Forschungsgemeinschaft Funk e.V.

The Effect of High-Frequency Electromagnetic Fields on Cell Cycle and Sister-Chromatid Exchanges:
Analyses with Human Lymphocytes in Culture

High-frequency electromagnetic fields found in connection with mobile telephone D and E systems and with the BOS system for authorities with public safety tasks, and their effects on biological systems were studied. The mobile telephone D and E systems frequencies of 0.9 GHz and 1.8 GHz, respectively. They are modulated at the GSM standard. In order to simplify this GSM standard, pulse modulation of a pulse duration of 0.577 ms and pulse period of 4.615 ms were used. The frequency for the BOS system is 380 MHz. In this experiments it was modulated at a pulse duration of 13.11 ms and a pulse period of 56.67 ms. Cells exposed to electromagnetic fields are compared with non-exposed control cells.

To generate the electromagnetic field for the D and E systems, a rectangular hollow waveguide for each system was chosen and constructed at the Technical University of Braunschweig. In both cases, the H10 mode was stimulated. The middle section of the waveguide can be opened to fit the sample holder with polystyrol tubes, filled with 5 ml culture medium and surrounded by a whiteoil circuit keeping the temperatue of the culture medium at a constant temperature of 370 C.

The input power was calculated in such a way that a desired SAR value of 208 mW/kg and 1700 mW/kg, respectively, was reached.

A short monopole antenna was put into the waveguide at its rear end. Thus a signal was received, rectified by a high-frequency detector diode and recorded by a personal computer throughout the duration of the experiment.

In the BOS experiment the nutritive medium had to be exposed to a SAR value of 82,9 mW/kg in a TEM cell.

We investigated the velocity of the cell cycle and the frequency of SCE (sister-chromatid exchange) in cultured human lymphocytes exposed to high-frequency electromagnetic fields. Both phenomena were not affected (Lit. 24). This result is of particular interest because in the same test system the cell cycles were accelerated in the presence of 50-Hz/5mT fields, but as with high frequency fields SCE were not induced (Lit. 18, 19). Accelerated cell cycles could be important in connection with a possible cancer induction by electromagnetic fields. Cells already revealing DNA damages would grow faster in the presence of a 50-Hz field and would hence not have sufficient time to repair damages, which in turn would have a higher probability to be transformed to mutations. Accelerated cell cycles can therefore be regarded as promoting or co-promoting processes with respect to the development of cancer. Similar promoting effects are discussed by Prof. Löscher and coworkers (Lit. 25, 26, 27).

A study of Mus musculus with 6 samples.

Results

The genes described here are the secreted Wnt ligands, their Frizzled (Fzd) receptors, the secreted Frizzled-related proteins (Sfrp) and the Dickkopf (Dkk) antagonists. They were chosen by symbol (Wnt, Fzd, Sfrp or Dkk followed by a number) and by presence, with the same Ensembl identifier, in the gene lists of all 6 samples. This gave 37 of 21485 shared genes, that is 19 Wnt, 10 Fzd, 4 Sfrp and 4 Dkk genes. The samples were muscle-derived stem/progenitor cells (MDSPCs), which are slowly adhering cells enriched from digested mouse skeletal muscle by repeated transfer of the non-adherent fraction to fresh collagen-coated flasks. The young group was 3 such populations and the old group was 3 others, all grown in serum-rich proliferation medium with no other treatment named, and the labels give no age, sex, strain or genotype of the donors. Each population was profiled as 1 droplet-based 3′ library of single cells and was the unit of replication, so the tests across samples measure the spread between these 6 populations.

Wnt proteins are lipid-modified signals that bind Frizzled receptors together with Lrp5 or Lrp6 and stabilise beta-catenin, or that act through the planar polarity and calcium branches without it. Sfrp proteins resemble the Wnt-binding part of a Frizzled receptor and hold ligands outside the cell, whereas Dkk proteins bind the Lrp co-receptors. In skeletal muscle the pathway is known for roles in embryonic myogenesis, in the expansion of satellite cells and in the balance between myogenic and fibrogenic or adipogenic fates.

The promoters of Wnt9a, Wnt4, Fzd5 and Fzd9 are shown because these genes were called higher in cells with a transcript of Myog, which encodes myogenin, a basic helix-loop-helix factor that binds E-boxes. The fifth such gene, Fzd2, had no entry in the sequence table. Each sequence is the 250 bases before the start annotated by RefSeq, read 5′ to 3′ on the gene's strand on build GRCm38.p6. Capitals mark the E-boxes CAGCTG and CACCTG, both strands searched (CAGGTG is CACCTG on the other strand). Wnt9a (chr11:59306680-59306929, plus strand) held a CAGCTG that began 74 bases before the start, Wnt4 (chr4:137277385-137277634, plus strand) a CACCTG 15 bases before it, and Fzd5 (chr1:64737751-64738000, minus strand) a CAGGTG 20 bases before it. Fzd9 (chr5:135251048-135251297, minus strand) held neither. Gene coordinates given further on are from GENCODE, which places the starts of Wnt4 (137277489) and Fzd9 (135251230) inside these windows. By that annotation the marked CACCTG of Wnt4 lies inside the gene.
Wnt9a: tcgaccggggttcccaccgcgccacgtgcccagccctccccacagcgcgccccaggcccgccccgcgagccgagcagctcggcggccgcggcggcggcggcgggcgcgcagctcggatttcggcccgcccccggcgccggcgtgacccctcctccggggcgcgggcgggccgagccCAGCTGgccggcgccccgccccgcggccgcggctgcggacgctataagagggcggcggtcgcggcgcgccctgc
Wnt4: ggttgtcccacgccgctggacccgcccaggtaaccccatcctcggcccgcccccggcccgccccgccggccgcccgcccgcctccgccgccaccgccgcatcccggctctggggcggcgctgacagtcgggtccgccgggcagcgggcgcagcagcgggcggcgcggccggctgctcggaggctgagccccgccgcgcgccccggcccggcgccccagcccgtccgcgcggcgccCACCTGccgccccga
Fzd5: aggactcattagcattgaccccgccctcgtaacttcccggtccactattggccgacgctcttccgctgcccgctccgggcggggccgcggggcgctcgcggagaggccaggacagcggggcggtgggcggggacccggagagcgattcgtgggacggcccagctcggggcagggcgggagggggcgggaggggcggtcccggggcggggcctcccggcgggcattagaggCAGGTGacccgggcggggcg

Human lymphocytes are particularly well suited for cell cycle analyses. In the peripheral blood, most of these cells are in the G0- phase of the cell cycle. When these cells are cultured and exposed to a mitogenic stimulus (here phytohemaglutinin), they enter the cell cycle synchronously and become mitotically active. The frequencies of first, second and third mitoses in culture (M1, M2, M3+) thus provide an indication of the velocity of the cell cycle progression. Chromosomal damage, such as SCE, can also be analysed in these cells (Lit. 28, 29, 30, 31).

Cell cycles can also be accelerated by elevated temperatures (Lit. 18). It is thus essential for field exposure tests to preclude any increase in temperature, a condition met by our test installations. Cell cycle acceleration due to the effects of EMF are also described by other authors (Lit. 20). Our findings demonstrate that this effect is induced by low, but not by the high-frequency fields.

The essential features of exposure equipments for investigating the effect of modulated radio frequency radiation around 900 MHz and 1800 MHz on human blood cells are described.

The peripherical lymphocytes were cultivated in a nutrient solvent, 5 cm3 of which was filled into each of several test tubes. The technical task was to develop rf exposure systems achieving well-defined and reproducible electromagnetic field distributions at high SAR to power conversion ratios and yielding an exposure of the culture medium as uniform as possible among the different tubes at maximum overall test volume.

As basic components two rectangular waveguides were chosen and designed for fundamental mode operation in the two frequency bands. With help of extensive numerical field calculations the suitable number and location of the test tubes inside the waveguides could be determined. The electrical properties of the biological material were acquired by measurements. A number of 6 tubes arranged along the waveguide axes was found to be a good compromise between test volume and field homogeneity.

Detailed data of waveguide dimensions, field strengths and specific absorption rates are given.